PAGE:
Dr. Apryl Alexander is an Associate Professor in the Graduate School of Professional Psychology at the University of Denver. She received her doctorate in clinical psychology from the Florida Institute of Technology with concentrations in forensic psychology and child and family therapy. Dr. Alexander’s research and clinical work focus on violence and victimization, human sexuality, and trauma-informed and culturally informed practice. Recently, she received the 2019 American Psychological Association’s Early Career Award for Outstanding Contributions to Benefit Children, Youth, and Families and the 2019 Michele Alexander Early Career Award for Scholarship and Service from the Society for the Psychological Study of Social Issues (SPSSI). She is an award-winning researcher and her work has been published in several leading journals. Dr. Alexander has been interviewed by numerous media outlets, including The New York Times, USA Today, and NBC Nightly News, about her research and advocacy work. Dr. Alexander also enjoys bringing psychology to the public through popular media. She is a frequent presenter at Denver Pop Culture Con and has previously contributed to Black Panther Psychology: Hidden Kingdoms. Additionally, Dr. Alexander is also a board member for the Colorado Juvenile Defender Center and the Colorado Criminal Defense Institute.


Branta Lockett is the program manager for Leader Pipeline Development at Denver Public Schools.  Growing up in Miami, Florida, Branta witnessed disparities in public schooling that sparked her passion for solving issues of inequity in education. She envisions opening a school that utilizes performing arts and culturally sustaining pedagogy to engage BIPoC students. Branta is committed to creating programs that uplift, affirm, and inspire Black students, families, and communities. 

In 2016, Branta received a Master of Arts degree in Urban Education Policy from Brown University. Prior to that, she received a Master of Arts degree in Cross- Disciplinary Studies from Nova Southeastern University in 2015. In 2013, Branta received a Bachelor of Arts degree from Vanderbilt University, majoring in both African American and Diaspora Studies and History with a European concentration.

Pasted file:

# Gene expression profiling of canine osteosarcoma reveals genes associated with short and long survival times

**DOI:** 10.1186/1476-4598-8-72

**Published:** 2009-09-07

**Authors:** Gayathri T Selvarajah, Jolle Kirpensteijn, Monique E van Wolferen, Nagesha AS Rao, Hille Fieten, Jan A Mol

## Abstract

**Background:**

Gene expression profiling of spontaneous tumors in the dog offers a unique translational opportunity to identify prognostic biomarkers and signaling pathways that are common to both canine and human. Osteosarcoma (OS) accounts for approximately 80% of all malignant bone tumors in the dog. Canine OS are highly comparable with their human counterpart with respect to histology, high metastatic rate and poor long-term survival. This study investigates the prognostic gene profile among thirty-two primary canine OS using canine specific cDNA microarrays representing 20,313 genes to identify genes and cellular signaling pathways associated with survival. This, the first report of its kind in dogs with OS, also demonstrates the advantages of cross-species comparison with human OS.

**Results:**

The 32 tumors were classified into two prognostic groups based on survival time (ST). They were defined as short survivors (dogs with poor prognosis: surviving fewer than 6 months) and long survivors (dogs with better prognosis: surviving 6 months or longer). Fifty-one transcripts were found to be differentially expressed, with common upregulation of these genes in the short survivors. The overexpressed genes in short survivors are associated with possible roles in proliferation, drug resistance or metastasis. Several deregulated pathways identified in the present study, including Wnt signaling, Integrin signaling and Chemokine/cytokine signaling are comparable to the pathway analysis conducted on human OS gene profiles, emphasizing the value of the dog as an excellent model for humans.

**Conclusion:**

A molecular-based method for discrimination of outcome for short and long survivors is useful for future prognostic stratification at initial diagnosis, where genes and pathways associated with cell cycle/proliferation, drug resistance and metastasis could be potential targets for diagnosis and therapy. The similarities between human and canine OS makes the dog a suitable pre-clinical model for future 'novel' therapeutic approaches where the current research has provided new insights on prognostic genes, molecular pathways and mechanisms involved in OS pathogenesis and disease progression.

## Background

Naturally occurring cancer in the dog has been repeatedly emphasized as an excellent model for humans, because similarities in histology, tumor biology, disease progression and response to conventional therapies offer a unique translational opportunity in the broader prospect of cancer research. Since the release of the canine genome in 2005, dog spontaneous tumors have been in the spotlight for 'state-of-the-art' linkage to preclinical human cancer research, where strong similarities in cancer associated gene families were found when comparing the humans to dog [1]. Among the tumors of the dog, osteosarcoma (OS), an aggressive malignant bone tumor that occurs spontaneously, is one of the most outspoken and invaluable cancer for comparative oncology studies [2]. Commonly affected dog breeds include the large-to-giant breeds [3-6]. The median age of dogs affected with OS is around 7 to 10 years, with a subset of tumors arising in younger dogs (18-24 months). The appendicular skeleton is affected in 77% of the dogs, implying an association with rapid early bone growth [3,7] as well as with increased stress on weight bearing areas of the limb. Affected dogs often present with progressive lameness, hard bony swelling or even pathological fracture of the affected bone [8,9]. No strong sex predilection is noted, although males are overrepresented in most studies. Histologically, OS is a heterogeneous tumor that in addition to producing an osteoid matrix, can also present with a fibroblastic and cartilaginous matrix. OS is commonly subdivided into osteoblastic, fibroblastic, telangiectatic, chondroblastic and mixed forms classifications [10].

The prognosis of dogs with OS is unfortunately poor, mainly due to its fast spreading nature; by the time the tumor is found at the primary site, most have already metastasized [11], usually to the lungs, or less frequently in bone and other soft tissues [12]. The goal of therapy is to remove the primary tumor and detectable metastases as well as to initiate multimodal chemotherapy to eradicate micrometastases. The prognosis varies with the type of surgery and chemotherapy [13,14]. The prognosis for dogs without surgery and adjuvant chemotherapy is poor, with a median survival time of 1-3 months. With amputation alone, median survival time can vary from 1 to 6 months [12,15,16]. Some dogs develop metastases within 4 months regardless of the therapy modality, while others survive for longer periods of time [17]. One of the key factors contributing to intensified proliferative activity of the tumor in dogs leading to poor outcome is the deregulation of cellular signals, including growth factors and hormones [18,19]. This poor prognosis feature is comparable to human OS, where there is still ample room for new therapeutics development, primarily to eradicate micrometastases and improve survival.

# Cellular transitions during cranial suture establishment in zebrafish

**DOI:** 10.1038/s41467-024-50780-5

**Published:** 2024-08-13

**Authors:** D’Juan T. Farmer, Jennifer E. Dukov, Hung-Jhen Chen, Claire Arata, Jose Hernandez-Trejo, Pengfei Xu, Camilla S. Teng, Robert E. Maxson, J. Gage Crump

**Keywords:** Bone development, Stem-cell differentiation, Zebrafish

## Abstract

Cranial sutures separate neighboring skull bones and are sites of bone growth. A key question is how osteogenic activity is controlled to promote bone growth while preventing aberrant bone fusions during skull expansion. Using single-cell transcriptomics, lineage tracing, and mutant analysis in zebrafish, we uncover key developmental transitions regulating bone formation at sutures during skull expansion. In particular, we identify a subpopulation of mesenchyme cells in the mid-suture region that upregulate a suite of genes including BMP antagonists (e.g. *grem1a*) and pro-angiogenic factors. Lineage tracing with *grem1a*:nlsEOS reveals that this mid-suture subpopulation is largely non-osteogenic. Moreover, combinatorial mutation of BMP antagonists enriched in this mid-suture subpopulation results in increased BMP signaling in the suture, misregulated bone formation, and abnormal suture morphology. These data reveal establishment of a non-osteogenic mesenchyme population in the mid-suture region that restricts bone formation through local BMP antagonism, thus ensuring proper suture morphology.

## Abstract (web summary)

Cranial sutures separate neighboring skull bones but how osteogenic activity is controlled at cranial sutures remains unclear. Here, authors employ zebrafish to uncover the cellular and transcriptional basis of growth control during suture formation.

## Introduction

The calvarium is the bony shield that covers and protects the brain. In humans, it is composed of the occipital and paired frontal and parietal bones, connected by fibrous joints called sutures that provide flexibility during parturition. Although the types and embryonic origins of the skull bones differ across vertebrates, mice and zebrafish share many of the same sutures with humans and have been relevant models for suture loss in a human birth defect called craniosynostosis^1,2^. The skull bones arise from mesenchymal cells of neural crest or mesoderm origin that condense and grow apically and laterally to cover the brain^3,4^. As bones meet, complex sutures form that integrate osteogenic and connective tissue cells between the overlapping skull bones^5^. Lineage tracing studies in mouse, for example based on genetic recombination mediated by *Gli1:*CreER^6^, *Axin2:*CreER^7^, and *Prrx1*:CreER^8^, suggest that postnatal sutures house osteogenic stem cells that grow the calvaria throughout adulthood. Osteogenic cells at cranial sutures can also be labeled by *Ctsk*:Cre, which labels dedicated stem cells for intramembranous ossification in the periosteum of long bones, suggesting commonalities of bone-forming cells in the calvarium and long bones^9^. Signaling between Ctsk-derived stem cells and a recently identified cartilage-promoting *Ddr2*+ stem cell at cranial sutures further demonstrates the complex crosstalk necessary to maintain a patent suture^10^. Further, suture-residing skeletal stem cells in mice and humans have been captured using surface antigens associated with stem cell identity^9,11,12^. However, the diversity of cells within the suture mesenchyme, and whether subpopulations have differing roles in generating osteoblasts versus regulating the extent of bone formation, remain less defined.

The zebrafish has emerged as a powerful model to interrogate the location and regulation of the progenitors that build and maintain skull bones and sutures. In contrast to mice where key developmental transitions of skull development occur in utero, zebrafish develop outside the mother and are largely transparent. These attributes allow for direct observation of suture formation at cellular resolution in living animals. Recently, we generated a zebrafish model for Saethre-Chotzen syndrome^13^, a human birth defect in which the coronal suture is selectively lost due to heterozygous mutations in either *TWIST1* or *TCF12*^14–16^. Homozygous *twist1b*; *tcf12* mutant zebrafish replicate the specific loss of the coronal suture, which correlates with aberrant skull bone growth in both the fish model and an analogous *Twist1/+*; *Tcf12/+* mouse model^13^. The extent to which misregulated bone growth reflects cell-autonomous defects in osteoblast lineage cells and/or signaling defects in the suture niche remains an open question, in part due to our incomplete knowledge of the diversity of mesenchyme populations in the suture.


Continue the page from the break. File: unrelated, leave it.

Miss Marz is an elementary teacher, entrepreneur, veteran, and scholar with a passion for social justice, advocacy, and healing. After gaining life experience growing up on the East Coast and then serving as an Arabic linguist in the US Air Force for six years, Miss Marz attended the University of Colorado Denver where she achieved an undergraduate degree in Elementary Education. While in college, she found herself drawn to education equity and community activism. She was awarded the UCD School of Education & Human Development Leadership Awards two years in a row in recognition of her visionary spirit in service of the community. Now, she teaches students at an African-centered homeschool academy while finishing her Master’s in Culturally and Linguistically Diverse Education at UCD.


Saladin Thomas is an abolitionist educator, performer, writer, and proud member of the BLM5280 Ed Squad, where he educates and facilitates for the BLM5280 Freedom School. He has a Masters’ Degree in Education and a Bachelor’s in Creative Writing, both from UC Denver. He teaches 5th grade in Aurora Public Schools and has a passion for restructuring public education from the ground up. His effort and energy are primarily focused on educational equity and advocacy for the unhoused population. In his spare time, he plays board games and air guitar.